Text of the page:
Denver Days are here to help you get to know your neighbors a little better

Every year in August, Denver helps neighbors throw block parties by waiving street closure fees and providing a little support.

Cookout with Cops. Aug. 20, 2016. (Kevin J. Beaty/Denverite)

Cookout with Cops. Aug. 20, 2016. (Kevin J. Beaty/Denverite)

Allan Tellis. (Kevin J. Beaty/Denverite)

denver; colorado; denverite; kevinjbeaty; staff photo;

It’s that time of year again — the dog days of summer, but also time for a couple hundred block parties all at once.

Denver Days is an initiative that was started by Mayor Michael Hancock back in 2013 to create a dedicated time for Denver residents to take to the streets and get to know the people in their neighborhood. The celebration, now in its sixth year, takes place August 4-12 this year.

“It’s really just such a nice feeling to go to these Denver Days events” said Grace López Ramírez,  executive director of the Denver’s Office of Neighborhood Engagement. “It really is a program to build stronger neighborhoods and get people to work together and just enjoy each other, and enjoy the neighborhood parks.”

As we all know, the streets are usually used as streets. But for Denver Days activities, the city helps residents shut down streets in favor of neighborhood-wide fiestas by waiving fees typically associated with street closures and providing the barricades needed to keep cars out and get parties started.

Park Hill resident Porshai Campbell said Denver Days creates the perfect opportunity for her neighbors to enjoy a little sunshine and a lot of good company. She’s a member and education leader at the Park Hill Seventh Day Adventist Church, and is looking forward to their 2nd annual Interfaith commUnity Festival, which attracted over 500 hundred guests in its inaugural year.

The event was founded by her pastor, Robert Davis, and Brother Ali, a leader at a mosque across the street, to create an avenue for healthy dialogue in the community.

“It was a bridge to having these conversations, inviting them to the event and sharing our resources,” Campbell said. “We learned even more about businesses in the community and gifts and talents that people have.”

She said she feels like Denver Days has a special place in Park Hill, because of the neighborhood’s historical legacy and rapidly changing environment.

“When the  neighborhood changes it’s important to have conversations to help people know who their neighbors are,” she said.

She believes that the contacts people make at the party can help fight the prejudices and preconceived notions people often have when they are dealing with the unknown, like new neighbors from cultures they may be less familiar with. And that might be true at many of the parties across the city.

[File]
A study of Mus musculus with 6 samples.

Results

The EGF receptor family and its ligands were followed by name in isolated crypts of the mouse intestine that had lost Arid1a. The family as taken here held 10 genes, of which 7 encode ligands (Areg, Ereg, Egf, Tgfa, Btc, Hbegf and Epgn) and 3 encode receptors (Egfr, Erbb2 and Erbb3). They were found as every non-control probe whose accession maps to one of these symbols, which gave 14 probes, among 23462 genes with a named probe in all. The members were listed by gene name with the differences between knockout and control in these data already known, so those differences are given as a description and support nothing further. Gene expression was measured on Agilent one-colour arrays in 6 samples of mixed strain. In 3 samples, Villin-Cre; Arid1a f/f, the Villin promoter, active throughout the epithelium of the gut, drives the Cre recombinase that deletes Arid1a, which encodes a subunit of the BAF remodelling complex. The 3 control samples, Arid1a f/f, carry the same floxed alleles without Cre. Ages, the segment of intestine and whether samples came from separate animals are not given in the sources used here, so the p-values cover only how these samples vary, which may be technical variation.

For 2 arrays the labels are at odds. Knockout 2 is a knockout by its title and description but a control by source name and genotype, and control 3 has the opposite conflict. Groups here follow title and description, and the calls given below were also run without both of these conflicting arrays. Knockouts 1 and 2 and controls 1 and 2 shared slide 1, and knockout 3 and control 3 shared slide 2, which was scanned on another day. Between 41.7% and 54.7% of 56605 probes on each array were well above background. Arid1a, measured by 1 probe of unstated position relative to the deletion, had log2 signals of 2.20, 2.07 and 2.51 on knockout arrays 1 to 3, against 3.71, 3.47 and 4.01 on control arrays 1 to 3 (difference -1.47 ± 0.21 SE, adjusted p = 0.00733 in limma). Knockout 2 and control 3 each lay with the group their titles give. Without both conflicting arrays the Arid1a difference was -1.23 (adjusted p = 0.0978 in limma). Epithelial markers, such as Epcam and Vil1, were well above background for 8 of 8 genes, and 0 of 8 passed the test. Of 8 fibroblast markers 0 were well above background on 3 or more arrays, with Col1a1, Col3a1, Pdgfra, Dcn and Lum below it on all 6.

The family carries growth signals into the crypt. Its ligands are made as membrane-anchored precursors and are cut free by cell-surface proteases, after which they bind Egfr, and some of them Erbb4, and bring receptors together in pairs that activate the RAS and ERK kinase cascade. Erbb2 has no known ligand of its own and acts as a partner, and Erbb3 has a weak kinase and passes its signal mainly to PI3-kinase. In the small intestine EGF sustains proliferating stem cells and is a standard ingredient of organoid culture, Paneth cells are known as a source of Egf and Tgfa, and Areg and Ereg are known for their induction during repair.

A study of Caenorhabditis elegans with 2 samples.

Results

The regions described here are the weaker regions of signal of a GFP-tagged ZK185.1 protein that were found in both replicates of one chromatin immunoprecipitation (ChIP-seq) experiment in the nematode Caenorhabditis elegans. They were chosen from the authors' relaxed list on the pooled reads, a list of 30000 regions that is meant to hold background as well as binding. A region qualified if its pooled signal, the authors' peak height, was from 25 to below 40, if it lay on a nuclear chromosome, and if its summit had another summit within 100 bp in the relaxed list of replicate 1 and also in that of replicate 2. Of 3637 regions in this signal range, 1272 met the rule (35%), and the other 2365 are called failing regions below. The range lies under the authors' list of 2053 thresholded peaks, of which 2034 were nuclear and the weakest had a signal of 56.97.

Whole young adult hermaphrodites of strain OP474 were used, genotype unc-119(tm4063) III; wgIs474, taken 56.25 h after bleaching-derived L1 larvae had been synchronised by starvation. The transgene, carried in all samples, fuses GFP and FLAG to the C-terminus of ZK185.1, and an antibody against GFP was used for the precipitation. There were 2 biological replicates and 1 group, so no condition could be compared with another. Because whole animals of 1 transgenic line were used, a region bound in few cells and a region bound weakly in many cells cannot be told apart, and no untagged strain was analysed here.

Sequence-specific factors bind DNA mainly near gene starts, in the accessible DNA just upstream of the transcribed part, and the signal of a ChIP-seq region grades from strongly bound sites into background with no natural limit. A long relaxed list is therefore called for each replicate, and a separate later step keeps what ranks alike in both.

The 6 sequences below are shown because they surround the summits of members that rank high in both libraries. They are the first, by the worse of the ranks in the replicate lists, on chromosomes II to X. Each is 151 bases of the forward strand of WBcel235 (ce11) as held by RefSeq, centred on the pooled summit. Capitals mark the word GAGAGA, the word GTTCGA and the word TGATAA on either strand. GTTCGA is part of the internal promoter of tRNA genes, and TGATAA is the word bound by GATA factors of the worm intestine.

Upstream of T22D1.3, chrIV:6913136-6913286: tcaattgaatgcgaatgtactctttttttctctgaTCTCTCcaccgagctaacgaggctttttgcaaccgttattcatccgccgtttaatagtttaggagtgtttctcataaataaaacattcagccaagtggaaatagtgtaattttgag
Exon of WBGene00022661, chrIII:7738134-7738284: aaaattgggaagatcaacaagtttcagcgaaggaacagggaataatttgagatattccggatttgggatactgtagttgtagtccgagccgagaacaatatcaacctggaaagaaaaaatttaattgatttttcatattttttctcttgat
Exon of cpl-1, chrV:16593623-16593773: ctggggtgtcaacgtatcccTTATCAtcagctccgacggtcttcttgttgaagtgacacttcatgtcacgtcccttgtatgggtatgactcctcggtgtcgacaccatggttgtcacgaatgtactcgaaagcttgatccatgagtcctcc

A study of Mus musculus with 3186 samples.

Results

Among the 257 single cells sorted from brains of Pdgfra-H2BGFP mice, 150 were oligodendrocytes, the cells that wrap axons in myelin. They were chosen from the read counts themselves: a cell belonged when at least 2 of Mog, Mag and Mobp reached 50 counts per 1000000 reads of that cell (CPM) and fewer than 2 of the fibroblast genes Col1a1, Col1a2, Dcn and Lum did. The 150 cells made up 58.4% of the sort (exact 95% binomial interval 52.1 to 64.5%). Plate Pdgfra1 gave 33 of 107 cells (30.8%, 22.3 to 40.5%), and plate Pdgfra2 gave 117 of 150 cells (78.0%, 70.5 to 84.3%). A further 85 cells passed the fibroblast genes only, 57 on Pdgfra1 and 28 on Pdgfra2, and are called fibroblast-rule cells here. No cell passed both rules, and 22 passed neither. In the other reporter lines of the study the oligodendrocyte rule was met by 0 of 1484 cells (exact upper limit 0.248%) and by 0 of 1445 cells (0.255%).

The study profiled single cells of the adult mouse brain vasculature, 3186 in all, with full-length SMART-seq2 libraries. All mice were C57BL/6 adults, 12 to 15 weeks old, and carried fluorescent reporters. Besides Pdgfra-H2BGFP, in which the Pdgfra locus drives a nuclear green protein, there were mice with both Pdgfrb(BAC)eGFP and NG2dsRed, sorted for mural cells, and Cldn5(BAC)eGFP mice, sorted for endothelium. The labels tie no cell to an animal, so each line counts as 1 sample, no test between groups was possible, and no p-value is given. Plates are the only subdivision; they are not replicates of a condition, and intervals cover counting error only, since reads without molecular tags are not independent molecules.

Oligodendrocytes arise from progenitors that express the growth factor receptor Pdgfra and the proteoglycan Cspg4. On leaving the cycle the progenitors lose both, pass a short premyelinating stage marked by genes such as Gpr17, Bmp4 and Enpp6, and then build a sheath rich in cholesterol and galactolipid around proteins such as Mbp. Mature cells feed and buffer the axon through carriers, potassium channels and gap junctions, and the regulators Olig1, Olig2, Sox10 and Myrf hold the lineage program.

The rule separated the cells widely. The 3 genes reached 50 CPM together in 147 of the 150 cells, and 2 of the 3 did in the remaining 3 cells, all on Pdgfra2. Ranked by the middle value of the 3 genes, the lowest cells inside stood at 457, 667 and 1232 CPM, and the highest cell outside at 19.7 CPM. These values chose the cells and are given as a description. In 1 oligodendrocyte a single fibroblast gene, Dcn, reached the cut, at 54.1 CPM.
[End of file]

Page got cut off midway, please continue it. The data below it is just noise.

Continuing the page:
“Every year we have approximately 200 events,” Ramírez said. “We’re At 220 this year, and we still have registrations coming in.”

If you want to throw a party of your own, you have up until the end of the day this Monday, August 6, to turn in any applications that require street closures. But you can request permits for things like picnics in the park up until 24 hours before your event starts.

“What we have seen year after year with Denver days is that residents get so creative with the type of events they can do,” Ramírez said, adding that the city is open to a variety of different ideas. She also said that many of these events have turned into year-round activities in communities like regular alley and park cleanups.

For the Park Hill event, they’ll be blocking off Albion Street from M.L.K. Jr. Boulevard to 35th Street on Sunday, August 5 for a party with vendors, free food, a bouncy house, a kids zone, and a fried fish station — you have to pay for that, but it’s super worth it, trust me. They’ll be out there from 1 p.m. until 7 p.m. that evening.

There’s a full list of Denver Days events here.



Weird times

Denverite is powered by you. In these weird times, the local vigilance, the local context, the local flavor — it’s powered through your donations. If you’d miss Denverite if it disappeared tomorrow, donate today.

You’re our superpower

Denverite supporters have made the decision to financially support local journalism that matters to you. Ready to tell your networks why? Sharing our “About” page with your own personal comments could really help us out.

You’re our superpower

Denverite members have made the decision to financially support local journalism that matters to you. Ready to tell your networks why? Sharing our “About” page with your own personal comments could really help us out.